Study Shows It May Be Possible to Eat Peanut Regularly Years After OIT

 

Kids With Food Allergies is sharing this press release from the 2019 American Academy of Allergy and Immunology Annual Meeting to bring you the latest research news quickly.


[PRESS RELEASE]

Regular Consumption of Dietary Peanut Possible Years After Immunotherapy Trials

Research presented at the AAAAI Annual Meeting suggests peanut food equivalents may help patients maintain desensitization after immunotherapy trials have been completed

San Francisco, CA – A lot of questions remain about long-term allergy outcomes following immunotherapy. A new study presented at the 2019 American Academy of Allergy, Asthma & Immunology (AAAAI) Annual Meeting has found that the ability to incorporate peanut food equivalents into the diet is maintained years after completing food immunotherapy.

Fifty-five past participants in peanut immunotherapy trials were enrolled in a longitudinal observational study. Peanut food equivalent ingestion and associated reactions were reviewed for patients who had completed either oral or sublingual immunotherapy from 2010 until 2017.

The majority of patients (89%) were continuing to ingest peanut at the time of follow-up. Adverse reactions and taste aversion were the most cited reasons for discontinuation of peanut ingestion. Of the participants remaining, 74% consumed peanut daily. While 23.8% of patients reported reactions including gastrointestinal symptoms and urticaria (also known as hives), most symptoms could be treated with antihistamines. One reaction required epinephrine and two required emergency medical services.

“The majority of patients enrolled in this study continued to consume peanut food equivalents up to eight years after their original immunotherapy trials,” said author Edwin H. Kim, MD, FAAAAI. “Food equivalents may be safe for certain patients following immunotherapy, and could help reduce the risk of peanut allergy sensitivities returning. That being said, no patient with peanut allergies should take it upon themselves to try peanut food equivalents without working with their doctor.”

There was no correlation between the amount of peanut food equivalent ingested and the likelihood of a reaction. Participants in sublingual immunotherapy trials on average consumed less peanut than those enrolled in oral immunotherapy trials. Oral immunotherapy patients were more likely to report adverse reactions.

“It is exciting that we are even talking about potentially reintroducing peanut into the diets of allergic children. However, there is still a lot we don’t know about peanut immunotherapy,” said Dr. Kim. “Different types of immunotherapy, age and numerous other factors need to be studied to help us understand what treatment plan is best for our patients.”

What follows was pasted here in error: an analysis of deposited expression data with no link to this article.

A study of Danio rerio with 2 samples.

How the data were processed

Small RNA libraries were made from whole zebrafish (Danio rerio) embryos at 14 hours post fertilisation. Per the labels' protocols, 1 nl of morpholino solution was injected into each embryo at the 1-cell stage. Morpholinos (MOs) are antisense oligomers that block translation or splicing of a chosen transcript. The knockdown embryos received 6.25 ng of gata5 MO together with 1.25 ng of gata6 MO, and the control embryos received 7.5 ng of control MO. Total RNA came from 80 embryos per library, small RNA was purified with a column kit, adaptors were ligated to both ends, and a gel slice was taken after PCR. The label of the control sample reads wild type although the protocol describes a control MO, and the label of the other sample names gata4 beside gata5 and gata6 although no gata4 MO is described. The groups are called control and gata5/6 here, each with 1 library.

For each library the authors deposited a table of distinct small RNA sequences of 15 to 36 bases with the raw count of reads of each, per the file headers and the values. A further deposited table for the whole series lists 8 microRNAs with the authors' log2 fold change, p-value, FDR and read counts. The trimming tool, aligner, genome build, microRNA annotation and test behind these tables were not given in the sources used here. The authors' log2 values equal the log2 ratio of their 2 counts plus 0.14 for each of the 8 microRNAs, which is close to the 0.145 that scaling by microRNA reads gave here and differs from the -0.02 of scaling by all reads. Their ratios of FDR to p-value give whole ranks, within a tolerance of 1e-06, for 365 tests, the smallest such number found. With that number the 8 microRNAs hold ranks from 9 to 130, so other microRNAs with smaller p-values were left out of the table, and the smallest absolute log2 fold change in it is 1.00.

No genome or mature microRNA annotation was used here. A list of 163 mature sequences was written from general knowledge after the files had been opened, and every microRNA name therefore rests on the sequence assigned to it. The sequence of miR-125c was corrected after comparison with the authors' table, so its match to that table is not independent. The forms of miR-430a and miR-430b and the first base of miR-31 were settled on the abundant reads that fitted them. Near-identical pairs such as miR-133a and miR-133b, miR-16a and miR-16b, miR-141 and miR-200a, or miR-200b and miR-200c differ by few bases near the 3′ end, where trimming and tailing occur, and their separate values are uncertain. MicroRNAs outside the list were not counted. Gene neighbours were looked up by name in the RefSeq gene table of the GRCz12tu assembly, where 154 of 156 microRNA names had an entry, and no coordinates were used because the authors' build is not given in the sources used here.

Visit aaaai.org to learn more. Research presented at the AAAAI Annual Meeting, February 22-25 in San Francisco, California, is published in an online supplement to The Journal of Allergy and Clinical Immunology.

The American Academy of Allergy, Asthma & Immunology (AAAAI) represents allergists, asthma specialists, clinical immunologists, allied health professionals and others with a special interest in the research and treatment of allergic and immunologic diseases. Established in 1943, the AAAAI has nearly 7,000 members in the United States, Canada and 72 other countries. The AAAAI’s Find an Allergist/Immunologist service is a trusted resource to help you find a specialist close to home.

Contact:
April Presnell
apresnell@aaaai.org
(414) 272-6071, AAAAI Executive Office
(415) 978-3605, Onsite Press Room (February 22-25)



Not every treatment for ANY disorder, including food allergies, is right for every person. Each family has to figure out the benefits and risks that are unique to their own situation. 

You're being careful and doing your due diligence and making the best decisions for your family.

Articles about OIT in the news has been the bane of my existence. Every single new person I meet and tell about my son’s food allergies brings up OIT like I’ve never heard of it. And they dismiss his allergies like if I would just do OIT for him, he would be magically cured. Implication is that I’m either an idiot or a bad mom.  

As you all know, there are a lot of caveats with these studies. And OIT is nowhere near ready for prime time, as in everyone being able to do it or be cured by it. My son is not a candidate at this time for many reasons. 

To me, this was the most important slide from the entire conference. “No cure.” These are the top experts saying that - at this time anyway - there is no cure for food allergies.  I think I need to have it printed on an index card and carry it around with me so I can show it to the people who bring up OIT. I know people are just trying to be helpful but we’ve been dealing this for 13 years and I think I know just a bit more about than your average bear.